U.S. and Japan sign military pact
The wars the Pentagon has been waging to grab control of North Africa and Southwest Asia haven’t gone well for them — even though the damage they have wreaked is enormous. However, this hasn’t stopped the generals and politicians — or the big-money think tanks that have groomed the czars of U.S. foreign policy for more than a century — from planning the next war.
Even after the start of the government shutdown — presumably over lack of money, and while 800,000 workers were being locked out of their jobs as public services closed — the money was there to send U.S. Secretary of State John Kerry and Defense Secretary Chuck Hagel to Tokyo to sign a new military pact with their former enemy.
By the end of World War II, Japanese imperialism had been so weakened by its military drive to take over the Asian colonies of Europe and the U.S. that it had to surrender and agree to totally disarm. Once it was firmly established in the role of a junior partner to U.S. capitalists’ ambitions in Asia, however, Washington began encouraging Japan’s rearmament — against the Japanese Constitution and the will of the Japanese people, who have opposed it every step of the way.
However, Shinzo Abe, the present prime minister of Japan, leads a right-wing government with territorial ambitions and is eager to further rearm as a partner of the U.S. The agreement just signed provides Japan with high-tech drones and a new missile “defense” system — which makes it more secure when it goes on the offensive.
This is all bad news for the People’s Republic of China and the Democratic People’s Republic of Korea. Both suffered enormously from Japan’s effort to become a global imperialist power. Korea was turned into a colony of Japan for 35 years. China lost its province of Manchuria to Japan, whose armies inflicted horrendous casualties trying to subdue the rest of the country. In both nations, it was the Communists who built a successful armed resistance to the Japanese invaders.
This spring, Japan joined the U.S. and south Korea in war practices — called “games” — off the coast of the DPRK. It also has been in a struggle with China and Vietnam over uninhabited islands in the South China Sea that may provide access to undersea oil and gas in the future. The drones Washington is providing Japan are specifically meant for these islands.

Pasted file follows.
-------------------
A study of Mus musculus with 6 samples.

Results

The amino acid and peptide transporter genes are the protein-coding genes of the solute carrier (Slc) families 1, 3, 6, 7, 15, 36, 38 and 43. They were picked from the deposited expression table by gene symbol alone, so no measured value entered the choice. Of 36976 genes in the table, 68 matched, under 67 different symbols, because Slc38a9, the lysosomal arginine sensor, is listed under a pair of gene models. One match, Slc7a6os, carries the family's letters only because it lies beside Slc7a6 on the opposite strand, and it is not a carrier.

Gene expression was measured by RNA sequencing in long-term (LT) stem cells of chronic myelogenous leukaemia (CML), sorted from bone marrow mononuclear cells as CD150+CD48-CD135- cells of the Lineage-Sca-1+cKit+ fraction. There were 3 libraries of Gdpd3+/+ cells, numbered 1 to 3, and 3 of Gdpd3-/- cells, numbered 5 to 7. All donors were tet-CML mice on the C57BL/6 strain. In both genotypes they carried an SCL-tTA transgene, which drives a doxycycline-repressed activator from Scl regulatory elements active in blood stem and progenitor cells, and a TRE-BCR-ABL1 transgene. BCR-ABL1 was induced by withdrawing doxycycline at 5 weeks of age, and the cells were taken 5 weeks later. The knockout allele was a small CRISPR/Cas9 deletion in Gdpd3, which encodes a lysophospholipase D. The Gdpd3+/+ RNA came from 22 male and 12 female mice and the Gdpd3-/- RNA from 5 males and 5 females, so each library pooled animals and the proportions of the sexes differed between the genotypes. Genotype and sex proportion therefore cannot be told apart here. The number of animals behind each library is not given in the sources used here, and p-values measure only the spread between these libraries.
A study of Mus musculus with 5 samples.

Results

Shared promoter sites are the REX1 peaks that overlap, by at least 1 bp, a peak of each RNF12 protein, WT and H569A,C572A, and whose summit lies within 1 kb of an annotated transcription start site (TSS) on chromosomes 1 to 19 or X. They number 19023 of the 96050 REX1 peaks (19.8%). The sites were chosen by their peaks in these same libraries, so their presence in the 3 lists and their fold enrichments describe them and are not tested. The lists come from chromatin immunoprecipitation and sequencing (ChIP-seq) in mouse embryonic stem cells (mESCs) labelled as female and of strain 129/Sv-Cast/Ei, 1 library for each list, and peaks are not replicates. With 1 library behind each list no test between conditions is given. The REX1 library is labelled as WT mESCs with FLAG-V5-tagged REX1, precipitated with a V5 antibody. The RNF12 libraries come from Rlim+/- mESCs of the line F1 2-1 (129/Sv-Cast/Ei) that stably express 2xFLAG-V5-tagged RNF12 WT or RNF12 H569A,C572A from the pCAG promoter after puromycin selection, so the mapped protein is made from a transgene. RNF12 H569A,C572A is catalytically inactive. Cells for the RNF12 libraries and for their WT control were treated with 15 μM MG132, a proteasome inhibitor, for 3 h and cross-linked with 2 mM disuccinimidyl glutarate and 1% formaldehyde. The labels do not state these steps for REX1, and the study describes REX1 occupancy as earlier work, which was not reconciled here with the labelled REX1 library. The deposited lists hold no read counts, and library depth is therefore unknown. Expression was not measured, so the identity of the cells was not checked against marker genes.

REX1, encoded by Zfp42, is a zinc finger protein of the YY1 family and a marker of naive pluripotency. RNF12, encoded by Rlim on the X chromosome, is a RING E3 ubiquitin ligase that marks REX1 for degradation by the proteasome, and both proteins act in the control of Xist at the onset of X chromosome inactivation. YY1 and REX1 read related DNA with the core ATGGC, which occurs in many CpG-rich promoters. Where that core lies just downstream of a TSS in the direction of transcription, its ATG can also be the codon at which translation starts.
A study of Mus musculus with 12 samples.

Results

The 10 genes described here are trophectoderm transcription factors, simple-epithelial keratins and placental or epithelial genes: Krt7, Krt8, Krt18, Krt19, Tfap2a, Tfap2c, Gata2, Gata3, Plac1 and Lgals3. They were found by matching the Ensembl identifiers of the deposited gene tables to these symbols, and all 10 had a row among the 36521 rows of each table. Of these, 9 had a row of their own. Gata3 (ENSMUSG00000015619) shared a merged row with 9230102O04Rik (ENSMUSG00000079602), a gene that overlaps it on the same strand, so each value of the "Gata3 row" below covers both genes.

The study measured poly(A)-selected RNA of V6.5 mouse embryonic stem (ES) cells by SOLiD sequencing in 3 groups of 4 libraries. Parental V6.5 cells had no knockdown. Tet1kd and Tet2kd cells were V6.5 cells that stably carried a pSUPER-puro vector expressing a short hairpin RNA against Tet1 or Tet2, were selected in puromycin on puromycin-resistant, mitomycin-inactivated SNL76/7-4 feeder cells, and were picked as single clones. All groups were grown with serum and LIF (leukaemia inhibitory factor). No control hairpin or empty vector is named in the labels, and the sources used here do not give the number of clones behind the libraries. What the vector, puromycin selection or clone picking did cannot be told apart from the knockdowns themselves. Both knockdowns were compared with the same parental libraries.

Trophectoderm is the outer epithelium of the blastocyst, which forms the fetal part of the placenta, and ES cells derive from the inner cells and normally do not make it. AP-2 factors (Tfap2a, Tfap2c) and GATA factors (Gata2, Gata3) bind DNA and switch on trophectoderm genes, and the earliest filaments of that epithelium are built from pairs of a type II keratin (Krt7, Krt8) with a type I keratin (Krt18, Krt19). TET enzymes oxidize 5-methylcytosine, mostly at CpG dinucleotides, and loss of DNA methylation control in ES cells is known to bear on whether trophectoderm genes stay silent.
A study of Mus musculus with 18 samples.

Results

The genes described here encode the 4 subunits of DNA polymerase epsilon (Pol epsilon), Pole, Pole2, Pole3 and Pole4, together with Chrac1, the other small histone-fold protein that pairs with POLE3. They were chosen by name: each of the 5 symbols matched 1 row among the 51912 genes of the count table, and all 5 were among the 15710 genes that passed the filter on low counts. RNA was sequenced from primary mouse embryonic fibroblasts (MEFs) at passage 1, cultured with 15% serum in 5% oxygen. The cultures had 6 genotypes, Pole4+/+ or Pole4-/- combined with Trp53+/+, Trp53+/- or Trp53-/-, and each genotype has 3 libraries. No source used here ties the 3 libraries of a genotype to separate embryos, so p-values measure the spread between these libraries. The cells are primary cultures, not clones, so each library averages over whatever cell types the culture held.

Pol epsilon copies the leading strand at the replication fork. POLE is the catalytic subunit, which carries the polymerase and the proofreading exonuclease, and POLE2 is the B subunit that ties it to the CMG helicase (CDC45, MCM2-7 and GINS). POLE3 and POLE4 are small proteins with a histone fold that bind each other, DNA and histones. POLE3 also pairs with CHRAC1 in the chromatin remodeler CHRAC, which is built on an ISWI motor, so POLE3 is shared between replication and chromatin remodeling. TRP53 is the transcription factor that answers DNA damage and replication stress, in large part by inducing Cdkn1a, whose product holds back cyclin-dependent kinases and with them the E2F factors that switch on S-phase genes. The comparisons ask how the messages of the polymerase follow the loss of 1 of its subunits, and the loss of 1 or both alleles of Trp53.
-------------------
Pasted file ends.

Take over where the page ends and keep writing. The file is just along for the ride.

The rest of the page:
What ‘threat’ from China?
What justification is being given by the U.S. government for this ominous “pivot toward Asia” by the Pentagon? The corporate news media say it quite bluntly: It is to counter the “threat” from China.
What threat? China doesn’t have military bases all over the world, as U.S. imperialism does. It isn’t fighting in even one war, let alone half a dozen wars and “military actions,” like the U.S. interventions throughout the Middle East and Africa.
However, the U.S. ruling class does feel threatened by China. Why? Because from 1981 to 2010, China reduced extreme poverty for 84 percent of the population to only 12 percent. This is unprecedented anywhere else in the world, and represents hundreds of millions of people getting out of poverty.
In the same period, the official U.S. poverty rate has risen from 13 percent to 15 percent, and it continues to go up.
While the way poverty is measured here is undoubtedly different than in China, the trend is very clear.
The developing Chinese economy, which is still under the control of the state created by the Chinese Revolution, has grown by close to 10 percent every year. Huge infrastructure projects have been undertaken. New housing with urban facilities is replacing the impoverished villages of yesteryear. Wages and purchasing power are rising fast. All that is a tribute to socialist planning. Meanwhile, capitalism has gained a foothold there, too. That is why China has a growing income gap. The two systems are in struggle with one another.
Washington’s military focus on Asia is meant to reinforce the growth of capitalism there — but capitalism that brings money in interest and dividends back to the imperialist ruling class in the U.S., which continues to accumulate wealth at a record rate while poverty grows here. That’s the real threat to the U.S. working class.